March 2011

Member Update


Barbas wins NIH Pioneer Award

Carlos F. Barbas III, the Janet and Keith Kellogg II chair in molecular biology at the Scripps Research Institute, is among the recipients of the 2010 National Institutes of Health Director’s Pioneer Awards. The awards, given to exceptionally creative scientists who take innovative approaches to major challenges in biomedical research, provide up to $500,000 in research funding for five years.

Barbas’ project will focus on chemically programming immunity, which could lead to pills that instantaneously program both adaptive and innate arms of the immune system to attack a tumor or virus, preventing infection and halting disease. His goal is to develop novel approaches that allow innate and acquired immunity to be targeted purposefully to pathogens of interest. Ultimately, the studies will allow scientists to program a variety of immune cells and responses to attack pathogens of interest using a variety of mechanisms. He also intends to explore novel approaches that should allow for circulating immunoglobulins induced with covalent vaccines to be programmed to inhibit HIV-1 and flu virus entry. The vaccines that result from these studies may be of both prophylactic and therapeutic utility.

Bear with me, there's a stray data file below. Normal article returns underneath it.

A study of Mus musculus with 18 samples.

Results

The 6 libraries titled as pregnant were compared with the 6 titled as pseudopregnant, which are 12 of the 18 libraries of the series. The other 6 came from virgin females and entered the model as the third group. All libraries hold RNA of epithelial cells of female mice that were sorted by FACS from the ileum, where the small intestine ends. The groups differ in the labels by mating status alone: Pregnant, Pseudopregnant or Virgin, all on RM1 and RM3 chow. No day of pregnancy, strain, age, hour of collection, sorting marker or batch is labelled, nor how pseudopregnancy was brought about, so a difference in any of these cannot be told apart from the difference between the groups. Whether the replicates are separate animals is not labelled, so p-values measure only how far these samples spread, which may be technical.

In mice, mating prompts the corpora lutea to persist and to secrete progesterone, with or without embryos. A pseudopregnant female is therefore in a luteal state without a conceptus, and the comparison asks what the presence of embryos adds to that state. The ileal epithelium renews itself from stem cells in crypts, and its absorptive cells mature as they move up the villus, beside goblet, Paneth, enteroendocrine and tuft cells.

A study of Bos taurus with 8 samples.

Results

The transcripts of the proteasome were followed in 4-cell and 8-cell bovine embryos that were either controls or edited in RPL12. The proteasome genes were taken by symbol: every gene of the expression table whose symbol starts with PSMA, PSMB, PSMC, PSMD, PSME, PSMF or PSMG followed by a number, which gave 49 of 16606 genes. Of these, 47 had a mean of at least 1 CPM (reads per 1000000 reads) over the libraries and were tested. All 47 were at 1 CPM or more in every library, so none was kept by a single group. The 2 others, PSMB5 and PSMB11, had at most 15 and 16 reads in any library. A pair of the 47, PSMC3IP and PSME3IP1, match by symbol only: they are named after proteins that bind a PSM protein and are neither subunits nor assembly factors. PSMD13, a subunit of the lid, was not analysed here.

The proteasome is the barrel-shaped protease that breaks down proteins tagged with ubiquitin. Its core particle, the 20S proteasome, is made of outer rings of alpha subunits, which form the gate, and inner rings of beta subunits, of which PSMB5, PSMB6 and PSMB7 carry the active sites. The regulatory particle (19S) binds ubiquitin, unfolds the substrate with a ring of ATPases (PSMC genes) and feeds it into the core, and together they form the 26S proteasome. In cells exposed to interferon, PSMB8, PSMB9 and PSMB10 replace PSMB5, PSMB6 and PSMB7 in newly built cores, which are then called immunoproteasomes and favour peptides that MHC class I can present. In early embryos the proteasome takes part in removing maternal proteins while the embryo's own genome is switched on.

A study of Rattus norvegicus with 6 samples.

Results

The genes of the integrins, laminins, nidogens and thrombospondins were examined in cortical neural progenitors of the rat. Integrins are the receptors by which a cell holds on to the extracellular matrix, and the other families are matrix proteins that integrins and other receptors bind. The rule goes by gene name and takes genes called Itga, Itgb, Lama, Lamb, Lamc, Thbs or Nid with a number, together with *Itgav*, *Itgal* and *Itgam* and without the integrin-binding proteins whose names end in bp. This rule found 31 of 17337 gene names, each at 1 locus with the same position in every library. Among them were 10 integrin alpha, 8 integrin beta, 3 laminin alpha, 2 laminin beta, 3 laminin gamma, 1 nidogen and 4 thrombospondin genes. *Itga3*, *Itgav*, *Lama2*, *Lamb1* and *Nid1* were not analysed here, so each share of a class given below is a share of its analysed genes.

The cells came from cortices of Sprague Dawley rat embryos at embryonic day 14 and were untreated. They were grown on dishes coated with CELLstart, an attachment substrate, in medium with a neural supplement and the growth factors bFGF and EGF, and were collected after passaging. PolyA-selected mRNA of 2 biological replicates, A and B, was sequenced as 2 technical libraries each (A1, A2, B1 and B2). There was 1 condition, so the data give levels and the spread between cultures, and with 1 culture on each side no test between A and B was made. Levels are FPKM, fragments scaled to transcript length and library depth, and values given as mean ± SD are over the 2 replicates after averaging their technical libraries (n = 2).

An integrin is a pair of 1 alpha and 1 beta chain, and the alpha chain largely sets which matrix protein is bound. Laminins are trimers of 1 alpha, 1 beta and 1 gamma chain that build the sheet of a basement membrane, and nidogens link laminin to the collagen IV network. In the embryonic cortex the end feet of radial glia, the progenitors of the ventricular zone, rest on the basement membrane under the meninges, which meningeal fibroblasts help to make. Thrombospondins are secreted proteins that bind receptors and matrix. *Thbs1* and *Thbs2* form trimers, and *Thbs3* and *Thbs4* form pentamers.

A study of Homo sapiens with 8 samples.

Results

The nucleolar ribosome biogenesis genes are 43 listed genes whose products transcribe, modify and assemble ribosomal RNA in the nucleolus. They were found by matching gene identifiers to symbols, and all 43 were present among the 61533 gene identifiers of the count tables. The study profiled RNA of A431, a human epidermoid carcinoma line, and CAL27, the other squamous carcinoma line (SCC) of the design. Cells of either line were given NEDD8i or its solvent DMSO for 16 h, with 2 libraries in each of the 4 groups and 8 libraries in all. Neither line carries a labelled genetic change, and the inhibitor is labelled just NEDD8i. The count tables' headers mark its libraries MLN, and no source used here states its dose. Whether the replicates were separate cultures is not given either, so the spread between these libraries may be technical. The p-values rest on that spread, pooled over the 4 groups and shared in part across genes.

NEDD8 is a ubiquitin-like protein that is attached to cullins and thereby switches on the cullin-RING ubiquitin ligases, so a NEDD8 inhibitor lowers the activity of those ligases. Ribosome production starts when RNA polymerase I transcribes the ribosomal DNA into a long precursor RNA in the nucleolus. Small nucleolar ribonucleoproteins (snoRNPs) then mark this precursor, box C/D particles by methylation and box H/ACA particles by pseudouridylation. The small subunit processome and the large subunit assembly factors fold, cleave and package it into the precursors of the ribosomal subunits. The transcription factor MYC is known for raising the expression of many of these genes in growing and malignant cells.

Burgers named Marvin A. Brennecke professor of biological chemistry

Peter M. J. Burgers has been named the Marvin A. Brennecke professor of biological chemistry at Washington University School of Medicine in St. Louis. The professorship will provide continuous funding for Burgers’ research, which focuses on DNA replication and repair.

The professorship is named for Marvin A. Brennecke, a 1930 graduate of the school of medicine. Brennecke spent the bulk of his career in Hawaii, where he served as the Territory of Hawaii government physician for the Koloa District and later as medical director of Waimea Hospital in Waimea, Kauai. Brennecke died in 1994, leaving a gift to the university that provides ongoing funding for three named professorships. In addition to Burgers’ appointment, the gift supports the Brennecke professor of molecular microbiology and the Brennecke professor of biophysics.

Burgers studies DNA metabolism in yeast cells. He is particularly interested in the DNA replication fork and the mechanisms that come into play when replication goes awry because of DNA damage or other stress.